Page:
If you are a military service member who received a negative performance evaluation, a Letter of Reprimand or any other adverse record in your personnel file, your chances of promotion are almost certainly ended and your career may be over, as well. Often service members have little opportunity at the time to contest or fight an adverse performance evaluation or Letter of Reprimand. Often the negative record or reprimand results to adverse discharge from the military service. Many times, the negative record and resulting discharge from the military service was the result of an injustice or mistake.However, the Army, Navy, Air Force, Marine Corps and Coast Guard have Boards for Correction of Records and Discharge Review Boards which review personnel records and discharges and can correct injustices or mistakes. The Board for Correction of Military Records (“BCMR”) and the Discharge Review Board (“DRB”) for the military services are comprised of civilian board members. The BCMR and DRB are authorized to review petitions for relief filed by service members and veterans. If the BCMR or DRB determines that an injustice or mistake has occurred, each Board can make changes to military service record; including upgrading adverse discharges.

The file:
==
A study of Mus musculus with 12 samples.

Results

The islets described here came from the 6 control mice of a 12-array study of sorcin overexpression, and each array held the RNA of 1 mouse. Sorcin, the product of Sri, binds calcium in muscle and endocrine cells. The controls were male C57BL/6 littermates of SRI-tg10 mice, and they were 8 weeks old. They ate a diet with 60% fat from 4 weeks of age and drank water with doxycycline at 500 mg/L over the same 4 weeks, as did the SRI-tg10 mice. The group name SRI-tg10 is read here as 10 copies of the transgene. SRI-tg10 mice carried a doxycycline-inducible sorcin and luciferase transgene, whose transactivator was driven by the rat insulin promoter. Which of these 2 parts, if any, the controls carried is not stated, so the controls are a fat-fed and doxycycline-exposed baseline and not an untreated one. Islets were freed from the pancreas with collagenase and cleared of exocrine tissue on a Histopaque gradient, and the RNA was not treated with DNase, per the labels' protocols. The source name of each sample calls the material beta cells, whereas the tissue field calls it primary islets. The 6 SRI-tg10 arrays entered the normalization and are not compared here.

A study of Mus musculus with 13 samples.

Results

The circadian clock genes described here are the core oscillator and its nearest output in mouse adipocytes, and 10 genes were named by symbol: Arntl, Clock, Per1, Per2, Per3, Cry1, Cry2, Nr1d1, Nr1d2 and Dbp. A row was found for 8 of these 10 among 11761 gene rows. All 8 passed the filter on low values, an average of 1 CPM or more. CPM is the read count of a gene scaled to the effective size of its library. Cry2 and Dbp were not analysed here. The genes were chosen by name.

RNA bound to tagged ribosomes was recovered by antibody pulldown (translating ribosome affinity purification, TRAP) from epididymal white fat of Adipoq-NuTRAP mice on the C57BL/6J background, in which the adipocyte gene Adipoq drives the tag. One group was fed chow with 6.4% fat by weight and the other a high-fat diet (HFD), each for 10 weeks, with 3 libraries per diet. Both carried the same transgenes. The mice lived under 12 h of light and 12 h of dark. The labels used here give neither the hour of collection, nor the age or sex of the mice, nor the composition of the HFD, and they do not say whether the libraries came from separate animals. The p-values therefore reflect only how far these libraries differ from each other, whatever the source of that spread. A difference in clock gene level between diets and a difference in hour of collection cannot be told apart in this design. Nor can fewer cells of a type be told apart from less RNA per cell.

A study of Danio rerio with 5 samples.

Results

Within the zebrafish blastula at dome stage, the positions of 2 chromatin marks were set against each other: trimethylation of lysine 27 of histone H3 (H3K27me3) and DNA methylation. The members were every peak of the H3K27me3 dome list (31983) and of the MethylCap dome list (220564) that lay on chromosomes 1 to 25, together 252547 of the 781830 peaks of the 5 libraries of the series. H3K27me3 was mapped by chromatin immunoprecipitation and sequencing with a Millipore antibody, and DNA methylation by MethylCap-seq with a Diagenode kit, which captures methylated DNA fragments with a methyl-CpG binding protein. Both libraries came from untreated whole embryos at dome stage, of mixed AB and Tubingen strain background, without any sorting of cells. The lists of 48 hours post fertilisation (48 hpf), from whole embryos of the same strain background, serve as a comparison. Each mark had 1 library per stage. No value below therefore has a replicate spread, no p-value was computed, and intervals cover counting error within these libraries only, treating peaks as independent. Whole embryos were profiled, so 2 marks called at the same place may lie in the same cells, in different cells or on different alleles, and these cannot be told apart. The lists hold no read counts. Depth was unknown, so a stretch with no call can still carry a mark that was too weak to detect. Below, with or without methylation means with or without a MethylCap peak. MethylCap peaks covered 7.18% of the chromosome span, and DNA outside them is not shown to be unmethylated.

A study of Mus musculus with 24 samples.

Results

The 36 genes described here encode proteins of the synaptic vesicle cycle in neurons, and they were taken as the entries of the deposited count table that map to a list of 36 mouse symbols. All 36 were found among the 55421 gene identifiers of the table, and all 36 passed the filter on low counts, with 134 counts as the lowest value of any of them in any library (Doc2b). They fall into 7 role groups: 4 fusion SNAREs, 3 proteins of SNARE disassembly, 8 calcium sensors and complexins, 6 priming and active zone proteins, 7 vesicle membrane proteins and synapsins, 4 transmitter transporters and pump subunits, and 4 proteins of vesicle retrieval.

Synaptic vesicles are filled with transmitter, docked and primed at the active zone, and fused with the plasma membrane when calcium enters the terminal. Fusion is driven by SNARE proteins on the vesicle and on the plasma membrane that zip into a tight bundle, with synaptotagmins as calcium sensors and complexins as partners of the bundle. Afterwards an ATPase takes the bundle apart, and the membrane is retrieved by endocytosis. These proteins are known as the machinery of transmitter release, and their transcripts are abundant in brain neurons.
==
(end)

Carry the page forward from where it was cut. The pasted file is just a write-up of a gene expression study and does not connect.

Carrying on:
There are differences between the Discharge Review Board and the Board for Correction of Military Records. The Discharge Review Board is limited to reviewing discharges for up to 15 years except discharges awarded at a General Court-Martial (which are not reviewable). The Board for Corrections of Military Records for each service has authority to change or remove any adverse document or entry in a military personnel file. There is no firm statute of limitations for filing a Petition for Relief with the BCMR, however, the petitioner must show good cause for the delay in filing if the contested record or discharge is more than 3 years old.
Both the Discharge Review Board and the Board for Correction of Military Records start with a “presumption of correctness” which requires these Boards to assume that the service record is accurate. The service member or veteran is required to show by a preponderance of the evidence that the record or discharge is the result of mistake or a substantial injustice. Each military service’s Board for Correction of Military Records and Discharge Review Board provides a last review – by civilian board members — of your service record and each Board is empowered to correct injustices.
In over 25 years of practice on behalf of service members and veterans, we have had success petitioning the Boards for Correction of Military Records and Discharge Review Boards for relief. Your service record matters. If your chances for promotion have been undermined by an unfair reprimand or negative performance evaluation, you have the right to challenge these records. If you received an adverse discharge, you can correct the discharge characterization if it the result of a mistake or injustice. Contact us to discuss representing you before your services Board for Correction of Military Records or Discharge Review Board. If you have military records issues that need correcting, Contact Larry Burch at Burch Law Firm, LLC for a free initial consultation.